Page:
The threat of such an impact is no fantasy. Earlier this year, CBS News reported that Earth had a relatively close brush with a giant Near-Earth Object (or "NEO")—an asteroid about 1.1 million miles away from us, or roughly 4.6 times the distance between the Earth and the moon. By cosmic standards, that's pretty darn close!
READ: Watch Out! Asteroids Kill More People Than All These Things You've Been Worried About
Here's the scary part: Had that asteroid been hurtling directly at us, we would have been like "a deer caught in the headlights," according to renowned futurist Michio Kaku. That's because, as of right now, our government doesn't have a plan in place for such a major impact event...
...or does it?
Before you watch the premiere of Salvation—which airs Wednesday, July 12 at 9/8c on CBS and CBS All Access—let's explore how prepared we are for something like this in real life.
How prepared are we for a planet killer?
According to NASA, not at all.
Dr. Joseph Nuth, a prominent researcher with NASA's Goddard Space Flight Center, told a conference last year, "the biggest problem, basically, is there's not a hell of a lot we can do about [a planet killer crashing into us] at the moment."
Another complication for us is how we find and track these objects. Sometimes we don't realize until shortly before it comes near. Noting one particular "close encounter" we had in 2014—an asteroid which we discovered only 22 months before it zoomed past Mars—Nuth stressed that the amount of time would not be nearly enough to prevent a collision with Earth.
How often do we get hit, anyway?
When it comes to NEOs, it's a daily thing—we just don't always notice it.
"Asteroid and comet fragments, mostly the size of grains of sand, bombard the Earth at the rate of more than 100 tons a day," Dr. Kelly Fast, acting program manager for NASA's Near Earth Object Observations Program in Washington, D.C., explained to CBS News.
That said, the vast majority of these NEOs disintegrate before they reach the Earth's surface. Only the ones about 50 meters or wider are able to do any real damage. Objects that large are far rarer, although they do happen. (Take the notorious 2013 Chelyabinsk meteor strike, for example.)
In fact, only a handful of major impact events have drastically affected the Earth over its 4.5-billion years of existence—but that doesn't mean another "planet killer" couldn't rock our world any day now. Which brings us to our next question...
Put it in context: How big of a problem could asteroids be?
If the bulk of NEOs are turned into dust by the time they reach us and only a few major impact events have occurred since Earth began, do we really need to worry about giant space rocks blowing us to kingdom come?
NEO impacts have a long-term statistical average of about 91 fatalities per year worldwide. This is in an actuarial sense, meaning it's not like one person gets squashed every four days or so. Instead, these are rare impacts—but so massive that entire civilizations can be wiped out at once (or species, like the dinosaurs).
Of the roughly 1,500 NEOs identified each year by NASA, some give us a very close shave. Dr. Kaku warned of another "doomsday" NEO, Asteroid Apophis, that was initially projected to fly through our atmosphere in 2029. More recent calculations indicate we'll be in the clear by at least 20,000 miles—but that's still very close in astronomical terms and indicates how tough it can be for us to make projections even once we initially spot a threat.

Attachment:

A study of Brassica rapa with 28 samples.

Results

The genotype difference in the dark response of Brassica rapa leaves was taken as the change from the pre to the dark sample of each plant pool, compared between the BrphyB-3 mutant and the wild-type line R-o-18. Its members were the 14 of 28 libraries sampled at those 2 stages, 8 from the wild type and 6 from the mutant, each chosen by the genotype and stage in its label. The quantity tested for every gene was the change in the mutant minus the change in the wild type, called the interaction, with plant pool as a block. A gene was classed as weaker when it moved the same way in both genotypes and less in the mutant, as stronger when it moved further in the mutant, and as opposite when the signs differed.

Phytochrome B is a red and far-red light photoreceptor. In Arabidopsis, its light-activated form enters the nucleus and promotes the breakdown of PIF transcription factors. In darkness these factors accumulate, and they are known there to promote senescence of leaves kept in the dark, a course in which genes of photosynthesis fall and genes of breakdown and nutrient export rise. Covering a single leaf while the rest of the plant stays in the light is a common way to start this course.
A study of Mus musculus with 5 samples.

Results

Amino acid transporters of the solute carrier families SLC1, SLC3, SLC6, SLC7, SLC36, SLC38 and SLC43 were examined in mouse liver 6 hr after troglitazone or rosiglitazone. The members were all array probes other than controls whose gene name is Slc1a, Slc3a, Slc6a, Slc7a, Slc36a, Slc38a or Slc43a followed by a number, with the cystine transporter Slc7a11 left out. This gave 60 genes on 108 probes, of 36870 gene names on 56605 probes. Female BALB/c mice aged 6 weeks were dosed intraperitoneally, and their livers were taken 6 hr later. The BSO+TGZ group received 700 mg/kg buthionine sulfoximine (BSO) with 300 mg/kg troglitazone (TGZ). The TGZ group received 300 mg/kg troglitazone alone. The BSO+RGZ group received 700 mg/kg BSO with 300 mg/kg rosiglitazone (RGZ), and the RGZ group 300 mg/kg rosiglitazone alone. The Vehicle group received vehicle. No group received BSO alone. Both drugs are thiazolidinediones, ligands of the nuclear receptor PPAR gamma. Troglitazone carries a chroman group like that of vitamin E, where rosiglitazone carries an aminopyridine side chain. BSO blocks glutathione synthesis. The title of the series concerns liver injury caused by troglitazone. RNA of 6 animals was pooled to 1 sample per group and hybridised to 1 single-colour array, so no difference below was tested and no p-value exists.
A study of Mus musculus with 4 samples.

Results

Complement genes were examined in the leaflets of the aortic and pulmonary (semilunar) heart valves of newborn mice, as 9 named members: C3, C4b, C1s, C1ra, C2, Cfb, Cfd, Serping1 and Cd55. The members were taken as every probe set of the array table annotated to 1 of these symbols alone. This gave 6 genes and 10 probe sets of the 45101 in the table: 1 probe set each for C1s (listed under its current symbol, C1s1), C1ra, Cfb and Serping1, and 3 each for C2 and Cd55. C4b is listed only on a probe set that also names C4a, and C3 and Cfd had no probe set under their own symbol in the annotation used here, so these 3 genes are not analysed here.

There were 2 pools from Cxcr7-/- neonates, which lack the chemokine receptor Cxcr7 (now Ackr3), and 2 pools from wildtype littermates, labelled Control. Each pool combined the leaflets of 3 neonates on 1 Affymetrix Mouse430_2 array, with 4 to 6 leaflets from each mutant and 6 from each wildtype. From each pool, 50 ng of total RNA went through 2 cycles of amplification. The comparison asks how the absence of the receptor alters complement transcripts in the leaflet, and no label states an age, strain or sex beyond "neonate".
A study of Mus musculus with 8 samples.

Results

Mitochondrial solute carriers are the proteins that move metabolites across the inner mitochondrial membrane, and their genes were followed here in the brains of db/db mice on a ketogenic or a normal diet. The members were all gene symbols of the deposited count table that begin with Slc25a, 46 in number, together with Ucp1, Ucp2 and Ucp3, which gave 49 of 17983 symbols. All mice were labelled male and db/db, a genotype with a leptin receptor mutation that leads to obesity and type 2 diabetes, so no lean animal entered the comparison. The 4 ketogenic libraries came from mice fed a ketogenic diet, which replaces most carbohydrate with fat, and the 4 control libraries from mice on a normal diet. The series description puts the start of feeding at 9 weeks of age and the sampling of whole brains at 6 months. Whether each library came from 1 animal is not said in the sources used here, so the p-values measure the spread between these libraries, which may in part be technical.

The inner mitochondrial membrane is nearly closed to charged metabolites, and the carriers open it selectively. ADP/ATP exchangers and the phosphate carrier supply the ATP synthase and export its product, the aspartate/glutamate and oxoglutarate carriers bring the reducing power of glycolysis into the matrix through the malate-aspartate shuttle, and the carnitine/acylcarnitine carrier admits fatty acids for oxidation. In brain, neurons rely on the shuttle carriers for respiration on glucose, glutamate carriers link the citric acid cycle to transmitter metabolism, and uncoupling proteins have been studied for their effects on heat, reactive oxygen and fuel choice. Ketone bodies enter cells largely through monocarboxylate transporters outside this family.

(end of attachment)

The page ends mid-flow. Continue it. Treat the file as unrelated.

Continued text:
That's not to mention the slew of other near-misses in recent years. To name a few: Asteroid "Rerun" in January, Asteroid 2017 AG13 a few weeks before that, the bus-sized Asteroid 2016 RB1 last year, and the skull-shaped "Halloween" asteroid in 2015.
So, what are our options?
If asteroids have the potential to be a serious threat and we're basically sitting ducks when it comes to impact events, what can we do to prevent catastrophic scenarios like the one on Salvation?
Kaku said we could start by constructing a satellite telescope specifically designed to identify potentially threatening NEOs, which could give us more time to react. Nuth, meanwhile, suggested that NASA build some kind of "interceptor rocket," which could act as a ready-to-launch prevention measure.
Watch Kaku discuss potential asteroid risk on CBS This Morning:
Salvation, on the other hand, is using real science to project the viability of several other unique approaches to stopping impact events. (More on that to come in the series premiere!)
Of course, the only way to put some, or any of these ideas into effect is to get them funded by Congress, another country, or some exceedingly wealthy benefactor. Which brings us to our final question...
What has the government already done?
While tangible solutions to stopping asteroids still seem far off, the U.S. government has begun to show signs of action.
NASA established the Planetary Defense Coordination Office (or "PDCO") in 2016 in order to better detect and track these objects. If and when they find a threat, they will coordinate with FEMA and other federal agencies.
NASA also launched the OSIRIS-REx spacecraft last September, which is currently on a two-year mission to collect a sample from a potentially hazardous asteroid and bring it back for study.
What's more, the agency gave another year of funding to the "dangerous-asteroid-hunting" Near-Earth Object Camera (or "NEOCam"), which would launch into Earth's orbit and discover even more threats.
So perhaps that's the good news: These initiatives and shows like Salvation are helping to raise awareness of NEOs and the potential threat they pose to our precious blue marble. It's a start!
Watch the trailer for Salvation:
Watch the series premiere of Salvation on Wednesday, July 12 at 9/8c on CBS and CBS All Access.